Threats, disease and predators
Several species, including New Zealand sea lions, fur seals, sharks and barracoutas, are known to predate or injure yellow-eyed penguins.
Yellow-eyed penguins are adapted to life ashore in the cool coastal forests and shrublands of New Zealand. But in these once extensive habitats, they became casualties to the needs of newly arrived humans. Not only did Maori hunt yellow-eyed penguins as food, but also Maori and European fires destroyed vast tracts of these forests. Most of the remaining forests were cleared for farming or urban development, and yellow-eyed penguin numbers collapsed alarmingly. Today, the surviving fragments of forest and scrub are insufficient to support a vibrant, flourishing yellow-eyed penguin population.
Marooned in tiny patches of failing bush they found themselves challenged by a number of unfamiliar predators introduced by humans. Dogs, cats, possums and large mustelids (stoats and ferrets) began to prey on yellow-eyed penguin adults, eggs and young. Sheep and cattle trampled nests and browsed on the vegetation, which sheltered yellow-eyed penguins from the sun. Yellow-eyed penguins could not cope with these threats.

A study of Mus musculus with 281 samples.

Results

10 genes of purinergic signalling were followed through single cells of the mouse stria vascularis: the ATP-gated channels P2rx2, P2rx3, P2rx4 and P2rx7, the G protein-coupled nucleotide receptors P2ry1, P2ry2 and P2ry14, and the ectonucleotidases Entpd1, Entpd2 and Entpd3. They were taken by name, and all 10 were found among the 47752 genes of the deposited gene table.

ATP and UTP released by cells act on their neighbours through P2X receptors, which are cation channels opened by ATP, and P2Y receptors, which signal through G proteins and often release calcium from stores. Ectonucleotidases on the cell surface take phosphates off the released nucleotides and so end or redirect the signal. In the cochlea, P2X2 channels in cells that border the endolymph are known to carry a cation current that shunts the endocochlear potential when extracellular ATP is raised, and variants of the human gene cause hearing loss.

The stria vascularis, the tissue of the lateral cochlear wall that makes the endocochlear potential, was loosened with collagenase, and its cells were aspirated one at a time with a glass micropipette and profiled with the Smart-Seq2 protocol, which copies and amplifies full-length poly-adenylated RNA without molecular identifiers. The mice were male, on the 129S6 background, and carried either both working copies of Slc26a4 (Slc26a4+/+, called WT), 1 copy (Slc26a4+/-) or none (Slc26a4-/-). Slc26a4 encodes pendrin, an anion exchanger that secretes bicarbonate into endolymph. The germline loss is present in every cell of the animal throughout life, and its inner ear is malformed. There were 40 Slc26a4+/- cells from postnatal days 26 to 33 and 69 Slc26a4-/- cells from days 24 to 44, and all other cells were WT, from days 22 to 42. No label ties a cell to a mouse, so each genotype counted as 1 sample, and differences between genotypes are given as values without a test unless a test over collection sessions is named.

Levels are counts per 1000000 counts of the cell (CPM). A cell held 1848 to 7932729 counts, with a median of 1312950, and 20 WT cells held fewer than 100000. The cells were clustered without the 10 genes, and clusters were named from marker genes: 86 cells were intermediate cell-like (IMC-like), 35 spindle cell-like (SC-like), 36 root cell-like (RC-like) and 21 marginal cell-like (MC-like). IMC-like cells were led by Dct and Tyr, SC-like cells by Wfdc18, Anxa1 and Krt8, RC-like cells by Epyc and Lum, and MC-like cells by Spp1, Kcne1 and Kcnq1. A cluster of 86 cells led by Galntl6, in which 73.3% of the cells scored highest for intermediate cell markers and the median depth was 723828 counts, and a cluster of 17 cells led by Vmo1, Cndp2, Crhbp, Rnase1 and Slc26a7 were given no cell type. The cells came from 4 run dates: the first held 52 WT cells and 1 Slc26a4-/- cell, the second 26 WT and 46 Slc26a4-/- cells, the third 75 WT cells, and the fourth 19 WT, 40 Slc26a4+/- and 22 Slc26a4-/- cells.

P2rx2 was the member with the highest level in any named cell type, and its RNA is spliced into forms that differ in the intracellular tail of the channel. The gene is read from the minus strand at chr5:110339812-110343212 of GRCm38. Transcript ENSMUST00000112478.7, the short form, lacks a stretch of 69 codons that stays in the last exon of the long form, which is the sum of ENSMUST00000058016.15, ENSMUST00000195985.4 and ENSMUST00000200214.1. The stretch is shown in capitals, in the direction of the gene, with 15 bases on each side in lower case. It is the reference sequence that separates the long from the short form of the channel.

Fat and heavily feathered, the yellow-eyed penguin is perfectly insulated for foraging in the depths of the cold southern ocean. But ashore, in this warm temperate climate, the heavy insulation becomes a liability. The birds cannot remove their ‘wetsuits’, but must find shady, moist undergrowth to avoid lethal rises in body temperature. Shade also helps yellow-eyed penguins to regulate the incubating temperature of their eggs.
At sea, yellow-eyed penguins face not only their natural predators but also fishing set-nets, which drown them. There are indications that global warming may be impacting on oceanic processes and altering the food webs on which yellow-eyed penguins depend. These are longer-term problems to work on. Occasionally, yellow-eyed penguin populations suffer terribly from epidemics of diseases that we can do little to prevent, such as Corynebacterium.
These dangers seem impossible to overcome, but many are manageable if resources are available. The Yellow-eyed Penguin Trust assists the penguins by alleviating the pressures we humans have imposed on them. Once free of these threats, yellow-eyed penguins are capable of doing the rest.This is a rewarding partnership, which succeeds if we do our bit.